Volume 74, Number 40 | February 9 - 15, 2005

For author, penning tell-all memoirs is perfect addiction

Photo by Dan Brownstein, courtesy Bantan Dell Publishing Group
Susan Shapiro

By Divya Watal

Most people have no particular career inclination when they are 3 years old.

But for 41-year-old author Susan Shapiro, who claims, “I was walking around my house reciting poems at 3,” there has always been one, and only one, raison d’être: writing.

Shapiro, a longtime Greenwich Village resident, recently released her latest memoir, “Lighting Up: How I Stopped Smoking, Drinking and Everything Else I Loved in Life Except Sex,” a witty book about kicking addictions and confronting underlying traumas. The book comes almost one year after her first memoir, “Five Men Who Broke My Heart,” another laughter-inducing personal diary — Bridget Jones cum “Sex and the City” style — on corrosive romances.

“I masturbate with my dubious past,” said Shapiro, during a guest appearance at a New York University journalism class last week. Her books certainly reveal more about her personal life than most people would like to share with strangers — intimate details about her sex life, for instance — but for her, writing a memoir feels natural. Personal stories are more powerful, she says, than novels.

Shapiro, an attractive brunette with an easy, outgoing manner and a propensity for black outfits — black jeans, black boots, black sweater and black jacket seem to be her staple attire — shoots off enough scandalous statements to keep her readers and listeners enthralled, while subtly projecting a more serious agenda.

“I like to be entertaining,” Shapiro admits. But “Lighting Up” is more than just entertaining; it explores the dark side, albeit using playful, poetically devoid language, of enslavement to substances like nicotine, dope and even food. The reader gets a vicarious glimpse into Shapiro’s world of two-pack-a-day cigarette smoking; her relationship with a Pierce Brosnan look-alike psychotherapist; and her improving conjugal life as she purges her addictions. It’s an entertaining story with a moral: If you want to live a happy, productive life, quit your “bad” addictions, and channel your energies into “good” addictions.

Like writing memoirs, for instance? Memoir writing may indeed have replaced chain-smoking in her case, Shapiro quips. She is currently working on a third one. There seems to be no dearth of sensational material in her life.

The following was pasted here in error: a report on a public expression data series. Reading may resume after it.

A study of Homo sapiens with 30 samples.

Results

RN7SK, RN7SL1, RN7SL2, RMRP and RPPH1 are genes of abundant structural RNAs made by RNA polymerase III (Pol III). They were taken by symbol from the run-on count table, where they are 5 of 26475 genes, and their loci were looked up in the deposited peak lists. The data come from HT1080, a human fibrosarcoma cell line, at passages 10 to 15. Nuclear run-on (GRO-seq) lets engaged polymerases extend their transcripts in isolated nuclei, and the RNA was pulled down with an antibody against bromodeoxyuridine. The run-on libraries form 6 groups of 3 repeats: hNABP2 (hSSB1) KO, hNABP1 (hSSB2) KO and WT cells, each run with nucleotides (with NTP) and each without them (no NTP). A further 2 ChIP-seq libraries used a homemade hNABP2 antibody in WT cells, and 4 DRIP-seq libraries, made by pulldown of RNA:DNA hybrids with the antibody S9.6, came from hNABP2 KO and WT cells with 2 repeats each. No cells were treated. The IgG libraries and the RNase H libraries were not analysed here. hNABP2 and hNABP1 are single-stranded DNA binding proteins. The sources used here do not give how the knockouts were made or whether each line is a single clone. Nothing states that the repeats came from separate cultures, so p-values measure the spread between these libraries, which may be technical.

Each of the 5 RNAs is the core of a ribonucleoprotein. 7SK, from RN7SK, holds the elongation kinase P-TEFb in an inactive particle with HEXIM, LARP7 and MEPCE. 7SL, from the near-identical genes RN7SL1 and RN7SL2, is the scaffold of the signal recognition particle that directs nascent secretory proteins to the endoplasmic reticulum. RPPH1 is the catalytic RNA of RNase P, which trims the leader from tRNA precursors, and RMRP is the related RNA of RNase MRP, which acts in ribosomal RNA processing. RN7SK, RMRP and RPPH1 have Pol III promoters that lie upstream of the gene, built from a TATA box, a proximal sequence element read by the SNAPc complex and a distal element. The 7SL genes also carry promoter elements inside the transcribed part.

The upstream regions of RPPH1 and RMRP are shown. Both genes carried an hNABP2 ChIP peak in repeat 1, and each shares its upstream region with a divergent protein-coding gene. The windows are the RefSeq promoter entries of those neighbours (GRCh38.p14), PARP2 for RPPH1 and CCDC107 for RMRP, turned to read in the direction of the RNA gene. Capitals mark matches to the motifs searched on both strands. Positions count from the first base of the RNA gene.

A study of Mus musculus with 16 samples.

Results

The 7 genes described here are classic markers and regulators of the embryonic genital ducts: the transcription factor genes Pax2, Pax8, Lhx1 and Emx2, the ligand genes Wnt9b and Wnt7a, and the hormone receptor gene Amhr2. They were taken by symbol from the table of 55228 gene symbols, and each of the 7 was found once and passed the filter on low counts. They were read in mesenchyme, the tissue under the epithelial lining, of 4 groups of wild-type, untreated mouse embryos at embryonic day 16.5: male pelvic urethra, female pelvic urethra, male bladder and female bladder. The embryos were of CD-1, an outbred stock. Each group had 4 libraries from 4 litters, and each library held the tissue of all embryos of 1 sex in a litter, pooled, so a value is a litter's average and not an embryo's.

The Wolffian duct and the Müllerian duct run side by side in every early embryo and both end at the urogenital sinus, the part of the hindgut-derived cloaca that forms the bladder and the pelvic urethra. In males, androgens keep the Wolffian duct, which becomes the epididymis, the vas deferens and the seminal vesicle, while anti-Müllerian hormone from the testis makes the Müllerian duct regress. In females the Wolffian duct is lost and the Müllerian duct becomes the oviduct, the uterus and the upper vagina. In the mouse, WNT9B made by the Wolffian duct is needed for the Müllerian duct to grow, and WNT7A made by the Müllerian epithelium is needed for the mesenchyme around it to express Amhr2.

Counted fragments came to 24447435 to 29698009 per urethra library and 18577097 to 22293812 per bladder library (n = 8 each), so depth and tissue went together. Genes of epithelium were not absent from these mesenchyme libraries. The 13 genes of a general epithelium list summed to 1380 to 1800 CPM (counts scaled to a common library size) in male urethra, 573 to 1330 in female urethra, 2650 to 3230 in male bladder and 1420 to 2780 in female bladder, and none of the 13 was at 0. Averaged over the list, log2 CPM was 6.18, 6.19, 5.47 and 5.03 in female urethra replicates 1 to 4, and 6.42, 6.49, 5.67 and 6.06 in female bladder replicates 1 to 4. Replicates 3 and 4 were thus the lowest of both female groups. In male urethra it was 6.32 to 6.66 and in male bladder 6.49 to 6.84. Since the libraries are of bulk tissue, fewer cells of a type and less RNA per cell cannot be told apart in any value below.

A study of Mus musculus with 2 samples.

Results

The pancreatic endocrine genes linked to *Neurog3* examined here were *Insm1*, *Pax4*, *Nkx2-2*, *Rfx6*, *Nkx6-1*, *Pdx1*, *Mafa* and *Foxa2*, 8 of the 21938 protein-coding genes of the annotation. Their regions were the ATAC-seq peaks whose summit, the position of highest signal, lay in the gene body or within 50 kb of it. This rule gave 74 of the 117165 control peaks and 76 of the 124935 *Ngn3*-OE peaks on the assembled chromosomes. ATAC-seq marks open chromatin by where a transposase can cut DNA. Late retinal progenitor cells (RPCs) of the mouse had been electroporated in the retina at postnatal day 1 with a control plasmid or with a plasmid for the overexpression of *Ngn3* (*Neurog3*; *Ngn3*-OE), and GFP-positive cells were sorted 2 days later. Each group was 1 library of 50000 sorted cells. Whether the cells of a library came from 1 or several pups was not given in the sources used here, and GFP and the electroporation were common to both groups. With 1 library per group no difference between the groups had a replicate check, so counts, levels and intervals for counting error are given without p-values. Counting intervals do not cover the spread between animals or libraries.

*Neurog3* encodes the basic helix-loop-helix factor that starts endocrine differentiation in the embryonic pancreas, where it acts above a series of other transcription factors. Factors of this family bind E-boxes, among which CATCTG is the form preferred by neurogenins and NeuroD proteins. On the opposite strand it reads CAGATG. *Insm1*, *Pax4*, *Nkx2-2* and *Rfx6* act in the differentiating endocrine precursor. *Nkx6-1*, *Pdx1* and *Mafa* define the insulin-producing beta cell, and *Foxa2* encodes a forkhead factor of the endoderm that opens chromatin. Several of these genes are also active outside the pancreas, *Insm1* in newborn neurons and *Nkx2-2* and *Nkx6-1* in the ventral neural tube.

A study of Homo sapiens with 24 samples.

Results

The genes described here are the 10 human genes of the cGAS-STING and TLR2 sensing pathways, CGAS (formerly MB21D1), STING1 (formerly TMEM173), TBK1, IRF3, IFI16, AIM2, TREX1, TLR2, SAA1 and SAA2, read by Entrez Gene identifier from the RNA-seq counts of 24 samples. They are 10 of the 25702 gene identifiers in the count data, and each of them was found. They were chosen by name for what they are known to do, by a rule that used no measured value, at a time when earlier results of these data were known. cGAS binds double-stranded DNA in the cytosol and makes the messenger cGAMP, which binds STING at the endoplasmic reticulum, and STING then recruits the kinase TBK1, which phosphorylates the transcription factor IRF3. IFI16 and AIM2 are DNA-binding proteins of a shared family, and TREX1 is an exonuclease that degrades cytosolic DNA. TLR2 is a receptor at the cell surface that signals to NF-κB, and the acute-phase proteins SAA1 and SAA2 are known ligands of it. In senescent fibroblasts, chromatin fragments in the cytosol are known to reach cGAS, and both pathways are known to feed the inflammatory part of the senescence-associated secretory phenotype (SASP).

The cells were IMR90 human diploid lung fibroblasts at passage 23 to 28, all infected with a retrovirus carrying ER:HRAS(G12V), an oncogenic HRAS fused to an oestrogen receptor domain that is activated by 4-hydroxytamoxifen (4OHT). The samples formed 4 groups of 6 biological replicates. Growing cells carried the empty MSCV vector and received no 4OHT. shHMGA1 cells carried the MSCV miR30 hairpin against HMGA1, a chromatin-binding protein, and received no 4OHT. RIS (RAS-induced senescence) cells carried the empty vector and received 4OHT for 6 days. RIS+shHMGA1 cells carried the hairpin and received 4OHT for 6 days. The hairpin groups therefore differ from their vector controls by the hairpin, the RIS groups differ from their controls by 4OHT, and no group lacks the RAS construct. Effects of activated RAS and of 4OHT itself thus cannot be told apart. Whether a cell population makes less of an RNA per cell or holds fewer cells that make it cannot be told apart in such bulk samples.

But if being a provocative writer means revealing not only her most personal secrets but those of her friends and family as well, doesn’t she antagonize people and create enemies?

“There’s a lot of stuff I don’t write about,” she said. “I am selective — I haven’t spilled everything.” She can’t help it, she says, if the voices in which she loves writing are outrageous — she has to be true to herself and not relinquish what makes her unique — but at the same time, she would never write anything to hurt the people she loves.

Her husband, a TV comedy writer, is not particularly thrilled about thousands of people reading about his intimate marital issues, she concedes, even though she camouflages his name using a pseudonym. In fact, he isn’t a big fan of her memoirs. “He’s a very private person and doesn’t like being written about,” Shapiro said.

But then, writing is self-involved, and to Shapiro, evidently, being good at the craft is more important than being popular, which is why, she says, “If you want to be a nice person, don’t be a writer.” Although it wasn’t always this way, her husband now understands that she has to do what she does to be happy. If it’s a choice between coming home to a happy partner who compulsively writes about her private life and an unhappy partner who compulsively smokes and has repressed creative potential, he would rather go with the former, she says.

In addition to writing memoirs, Shapiro also teaches at N.Y.U. and New School University. After quitting her numerous addictions and embracing a healthy, therapy-assisted existence, she says she has not only become a prolific writer but also a better teacher — her students, who are her substitute children, love her newfound energy.

“I’m probably the only happy writer in the history of the world — most writers aren’t known to be happy,” she said, laughing.

Shapiro will be reading from her book at the “Addicted to Love Benefit Reading” on Sun., Feb. 13, at FEZ Under Time Café, 380 Lafayette St. The reading starts at 7:30 p.m. For reservations and ticket information, call 212-533-7000.